Autism and the Case of Sally

Autism and the Case of Sally

This is the first in a series of case studies exploring how autism can influence entry into the criminal justice system and how it might be experienced once people with autism are in the system.

All cases are taken from real life examples from people that I have worked with personally, or that have been related to me by criminal justice professionals whilst I have been delivering learning disability and autism awareness training.

This first case study looks at the case of Sally (names have been changed to ensure anonymity). In many ways Sally is triply vulnerable – her age, she is a 'looked after child', and she has autism, although she would be considered to be quite 'high functioning'.

In this case, we see how failure to support people with autism appropriately and to meet their needs, and then poor responding to the resulting behaviour results in a criminal record for the individual.

Sally is 16 years old and lives in a children’s home.
She has been arrested on suspicion of criminal damage.
She admits to breaking a chest of drawers in her room in the children's home during an autistic meltdown.
However, she says that her care plan, designed to minimise such occurrences, was not followed.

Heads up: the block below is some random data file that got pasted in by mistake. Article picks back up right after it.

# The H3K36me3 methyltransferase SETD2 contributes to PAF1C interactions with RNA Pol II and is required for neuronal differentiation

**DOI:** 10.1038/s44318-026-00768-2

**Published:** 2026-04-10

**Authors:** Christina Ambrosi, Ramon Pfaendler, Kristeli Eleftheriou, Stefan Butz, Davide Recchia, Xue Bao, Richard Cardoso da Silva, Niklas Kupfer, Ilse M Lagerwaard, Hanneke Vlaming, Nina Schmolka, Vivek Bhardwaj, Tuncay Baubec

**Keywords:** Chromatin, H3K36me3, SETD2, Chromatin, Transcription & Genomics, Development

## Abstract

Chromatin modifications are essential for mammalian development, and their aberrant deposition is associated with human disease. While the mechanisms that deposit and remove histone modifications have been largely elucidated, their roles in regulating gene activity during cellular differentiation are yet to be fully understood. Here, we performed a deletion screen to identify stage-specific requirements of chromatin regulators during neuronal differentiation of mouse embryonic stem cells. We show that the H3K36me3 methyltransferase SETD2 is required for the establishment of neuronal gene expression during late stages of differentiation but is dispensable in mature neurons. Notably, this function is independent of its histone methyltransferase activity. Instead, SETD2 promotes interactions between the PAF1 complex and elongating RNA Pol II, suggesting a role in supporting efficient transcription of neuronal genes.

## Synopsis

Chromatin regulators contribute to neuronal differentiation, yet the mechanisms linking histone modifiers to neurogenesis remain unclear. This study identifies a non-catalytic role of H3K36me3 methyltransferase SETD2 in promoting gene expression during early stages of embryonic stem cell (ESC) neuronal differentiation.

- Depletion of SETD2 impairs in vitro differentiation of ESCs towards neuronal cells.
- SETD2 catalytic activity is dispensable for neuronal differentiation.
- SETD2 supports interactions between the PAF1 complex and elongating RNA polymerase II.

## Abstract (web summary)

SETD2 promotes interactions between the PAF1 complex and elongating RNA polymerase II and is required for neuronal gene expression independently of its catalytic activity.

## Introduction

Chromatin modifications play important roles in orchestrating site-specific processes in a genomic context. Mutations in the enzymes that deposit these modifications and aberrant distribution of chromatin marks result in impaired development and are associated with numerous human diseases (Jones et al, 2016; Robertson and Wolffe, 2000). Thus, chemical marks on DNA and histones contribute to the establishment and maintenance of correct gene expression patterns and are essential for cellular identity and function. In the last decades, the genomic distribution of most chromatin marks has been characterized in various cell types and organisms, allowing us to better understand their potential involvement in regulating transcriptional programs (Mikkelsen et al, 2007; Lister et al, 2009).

According to the National Autistic Society a meltdown is ‘an intense response to overwhelming situations’. It happens when someone becomes completely overwhelmed by their current situation and temporarily loses behavioural control.  This loss of control can be expressed verbally (eg shouting, screaming, crying), physically (eg kicking, lashing out, biting) or in both ways'.

This is a quote from an adult with autism who described it as:

“When you have a meltdown, it’s as if the world is ending. Everything is too much and you feel like an overwhelming darkness has engulfed your very being. Irrepressible anger that may seem completely irrational to an outsider … Smashing, ripping and throwing might be involved in an angry meltdown, as well as self-injurious behaviors to display outwardly the pain they’re experiencing internally.”

Sally was advised by her solicitor to plead guilty to a charge of criminal damage and offer to pay for the damage to the chest of drawers.

In Sally's case, the incident could be viewed as resulting from poor support and adherence to pre-existing care plans by the staff at the children's home. It also raises issues of capacity and culpability. Mitigation under the Mental Health Act is rarely extended similarly to autism – but how culpable really is Sally?